Paul  Kengor

Editor’s note: A longer version of this article first appeared at American Spectator.

Liberals are apoplectic over remarks by Dr. Ben Carson at the National Prayer Breakfast. Carson, a prominent pediatric surgeon from Johns Hopkins University, dared to weigh in on healthcare—something he knows something about. In the liberal mind, Carson committed a grave transgression; he disagreed with President Obama on healthcare at a faith venue, and in Obama’s presence.

In discussing Carson’s moral effrontery, Candy Crowley, host of CNN’s “State of the Union,” asked panelists if they were offended by Carson’s comments. “He [Carson] was talking about the idea of, you know, weaving the Bible into some objections he appears to have with the president’s approach,” said Crowley. Count Democratic Congresswoman Jan Schakowsky among the offended. She told Crowley: “I think it’s … not really an appropriate place to make this kind of political speech and to invoke God as his [Carson’s] support for that kind of point of view.”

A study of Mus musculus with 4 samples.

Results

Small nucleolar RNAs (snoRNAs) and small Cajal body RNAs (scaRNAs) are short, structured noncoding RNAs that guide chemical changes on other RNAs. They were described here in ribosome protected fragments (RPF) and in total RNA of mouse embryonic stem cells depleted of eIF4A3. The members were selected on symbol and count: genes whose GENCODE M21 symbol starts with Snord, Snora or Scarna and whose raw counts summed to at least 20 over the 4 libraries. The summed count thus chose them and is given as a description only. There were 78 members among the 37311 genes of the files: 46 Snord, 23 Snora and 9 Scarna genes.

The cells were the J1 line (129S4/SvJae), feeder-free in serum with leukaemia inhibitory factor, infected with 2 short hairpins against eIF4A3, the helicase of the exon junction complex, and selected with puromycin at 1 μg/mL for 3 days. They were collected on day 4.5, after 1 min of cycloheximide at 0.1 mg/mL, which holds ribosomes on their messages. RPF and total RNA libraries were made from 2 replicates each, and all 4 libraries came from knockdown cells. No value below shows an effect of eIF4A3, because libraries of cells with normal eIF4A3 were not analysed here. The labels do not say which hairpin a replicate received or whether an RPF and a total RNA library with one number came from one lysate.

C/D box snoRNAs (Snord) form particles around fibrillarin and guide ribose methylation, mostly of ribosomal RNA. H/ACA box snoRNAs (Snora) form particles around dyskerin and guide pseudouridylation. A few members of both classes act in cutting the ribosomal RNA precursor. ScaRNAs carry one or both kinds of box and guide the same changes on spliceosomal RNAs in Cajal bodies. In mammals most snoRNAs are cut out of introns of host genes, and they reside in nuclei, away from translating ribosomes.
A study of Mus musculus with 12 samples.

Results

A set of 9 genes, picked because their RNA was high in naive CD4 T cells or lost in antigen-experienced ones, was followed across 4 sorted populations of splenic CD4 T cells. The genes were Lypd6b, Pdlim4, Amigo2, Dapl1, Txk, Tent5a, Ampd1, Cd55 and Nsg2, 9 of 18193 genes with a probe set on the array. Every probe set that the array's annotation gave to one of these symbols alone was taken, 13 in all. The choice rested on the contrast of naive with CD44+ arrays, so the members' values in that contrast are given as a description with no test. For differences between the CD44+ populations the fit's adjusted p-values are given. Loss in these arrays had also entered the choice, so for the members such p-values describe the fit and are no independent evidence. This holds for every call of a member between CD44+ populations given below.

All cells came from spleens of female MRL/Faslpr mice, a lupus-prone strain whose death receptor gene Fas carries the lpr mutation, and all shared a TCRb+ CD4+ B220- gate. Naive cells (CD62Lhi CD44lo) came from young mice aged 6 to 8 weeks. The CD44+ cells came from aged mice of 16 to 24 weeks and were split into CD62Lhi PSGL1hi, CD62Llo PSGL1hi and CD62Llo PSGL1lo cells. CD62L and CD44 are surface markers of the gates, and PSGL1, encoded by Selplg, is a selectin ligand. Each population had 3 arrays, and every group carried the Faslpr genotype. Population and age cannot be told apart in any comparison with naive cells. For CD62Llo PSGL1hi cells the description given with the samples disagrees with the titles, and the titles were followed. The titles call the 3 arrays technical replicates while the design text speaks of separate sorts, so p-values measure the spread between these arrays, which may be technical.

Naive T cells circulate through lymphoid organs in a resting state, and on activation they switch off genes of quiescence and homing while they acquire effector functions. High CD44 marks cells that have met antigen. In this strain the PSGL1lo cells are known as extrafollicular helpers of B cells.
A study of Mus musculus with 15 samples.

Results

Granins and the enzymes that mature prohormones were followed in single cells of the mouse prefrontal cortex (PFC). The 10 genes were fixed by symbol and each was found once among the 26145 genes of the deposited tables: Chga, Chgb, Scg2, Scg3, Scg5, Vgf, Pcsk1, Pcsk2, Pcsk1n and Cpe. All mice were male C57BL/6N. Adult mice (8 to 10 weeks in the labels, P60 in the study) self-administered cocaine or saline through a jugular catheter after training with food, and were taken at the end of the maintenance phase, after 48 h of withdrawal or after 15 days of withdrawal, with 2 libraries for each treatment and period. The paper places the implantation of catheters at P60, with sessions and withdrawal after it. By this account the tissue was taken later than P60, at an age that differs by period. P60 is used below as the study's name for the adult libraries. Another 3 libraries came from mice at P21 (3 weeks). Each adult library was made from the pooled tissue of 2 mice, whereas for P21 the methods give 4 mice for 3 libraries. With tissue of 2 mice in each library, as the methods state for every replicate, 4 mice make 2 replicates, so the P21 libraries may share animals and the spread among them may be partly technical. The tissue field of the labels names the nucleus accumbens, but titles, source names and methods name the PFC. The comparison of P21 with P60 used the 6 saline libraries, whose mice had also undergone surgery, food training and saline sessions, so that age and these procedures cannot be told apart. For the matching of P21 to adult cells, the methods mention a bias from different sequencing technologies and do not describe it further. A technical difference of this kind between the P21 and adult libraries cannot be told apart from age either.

In truth, what the likes of Crowley and Schakowsky object to is the mere fact that Carson publicly disagreed with Obama on healthcare, especially in the context of faith. For liberal Democrats, conservative Republicans should never use their faith to disagree; only liberal Democrats enjoy such freedoms. I could give a thousand examples illustrating the point; I’ve written entire books doing so. For now, however, here are some particularly salient examples involving Obama, liberals, and healthcare reform:

From the first year of Obama’s presidency, the religious left (Obama included) incessantly claimed God’s support for their vision of healthcare reform.